Muscle Mondays - The Rotator Cuff
We often refer to the rotator cuff structure as one muscle, but it is actually comprised of four muscles:
- Teres Minor
Together, they work to stabilize the shoulder, and hold the head of the humerus inside the fossa (a small indentation) of the scapula. The head of the humerus adjoining with the scapula is known as a “ball and socket” joint, which allows for the most range of motion out of all the types of joints there are in the body. But this also means the joint is more susceptible to injury.
Rotator cuff injuries are common for people who have occupations or play sports that include repetitive motion in the shoulder, particularly overhead. Office and desk workers are also prone to injuries and pain due to rounding and slumping of the shoulders. A rotator cuff injury will result in a dull ache in the shoulder, perhaps made worse by sleeping on it. In some cases, the rotator cuff can be injured in a single accident, sometimes resulting in a tear in one or more of the tendons or muscles. In that case, immediate medical care is needed to treat the injury.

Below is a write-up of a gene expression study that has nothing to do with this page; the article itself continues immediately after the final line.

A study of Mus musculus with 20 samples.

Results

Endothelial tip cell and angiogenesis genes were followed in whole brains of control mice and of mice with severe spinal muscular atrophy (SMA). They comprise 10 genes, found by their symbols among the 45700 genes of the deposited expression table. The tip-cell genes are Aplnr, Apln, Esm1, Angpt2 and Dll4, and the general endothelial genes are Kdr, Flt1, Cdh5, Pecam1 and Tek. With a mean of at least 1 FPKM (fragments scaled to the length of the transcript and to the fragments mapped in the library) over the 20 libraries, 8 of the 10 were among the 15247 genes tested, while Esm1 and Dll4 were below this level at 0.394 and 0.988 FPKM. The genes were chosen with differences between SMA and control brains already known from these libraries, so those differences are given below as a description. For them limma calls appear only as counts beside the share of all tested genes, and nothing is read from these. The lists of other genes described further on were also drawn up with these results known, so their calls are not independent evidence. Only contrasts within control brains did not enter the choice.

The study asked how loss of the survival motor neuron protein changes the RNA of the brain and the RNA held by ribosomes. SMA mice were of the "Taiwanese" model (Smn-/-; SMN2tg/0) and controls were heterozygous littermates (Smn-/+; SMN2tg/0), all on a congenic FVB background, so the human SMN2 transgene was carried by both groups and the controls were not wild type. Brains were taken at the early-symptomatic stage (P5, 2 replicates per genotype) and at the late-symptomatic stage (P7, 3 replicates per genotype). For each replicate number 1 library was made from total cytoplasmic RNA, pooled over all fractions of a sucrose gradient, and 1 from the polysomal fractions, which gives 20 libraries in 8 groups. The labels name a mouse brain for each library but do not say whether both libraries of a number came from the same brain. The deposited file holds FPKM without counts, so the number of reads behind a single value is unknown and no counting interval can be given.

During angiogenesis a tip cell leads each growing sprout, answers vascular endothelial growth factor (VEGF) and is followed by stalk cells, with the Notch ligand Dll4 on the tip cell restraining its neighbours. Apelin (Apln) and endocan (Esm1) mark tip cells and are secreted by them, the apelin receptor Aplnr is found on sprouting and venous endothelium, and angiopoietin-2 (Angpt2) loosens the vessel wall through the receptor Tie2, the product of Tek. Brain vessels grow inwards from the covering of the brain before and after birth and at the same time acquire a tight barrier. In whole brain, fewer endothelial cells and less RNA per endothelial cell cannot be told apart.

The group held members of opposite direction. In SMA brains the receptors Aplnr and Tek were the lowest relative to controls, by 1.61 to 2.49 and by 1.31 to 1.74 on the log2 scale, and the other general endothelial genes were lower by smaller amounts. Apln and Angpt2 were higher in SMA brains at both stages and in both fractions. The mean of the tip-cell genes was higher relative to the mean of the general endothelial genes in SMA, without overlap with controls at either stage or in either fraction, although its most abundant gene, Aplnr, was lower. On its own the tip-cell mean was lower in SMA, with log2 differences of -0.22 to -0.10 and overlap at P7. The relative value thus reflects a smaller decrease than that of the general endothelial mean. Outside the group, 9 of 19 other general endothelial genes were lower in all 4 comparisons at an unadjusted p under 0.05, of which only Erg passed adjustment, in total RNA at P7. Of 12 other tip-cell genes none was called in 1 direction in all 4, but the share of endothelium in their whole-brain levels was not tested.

How Massage Can Treat Rotator Cuff Injuries:
Rotator cuff injuries can lead to limited range of motion in the shoulder, impingement of nerves and other structures in the area, and in some cases, strains and tears. Massage can help alleviate the pain, and also help stretch and elongate muscles. Posture analysis and self-care exercises can also be provided to reduce risk of future re-injury or aggravation.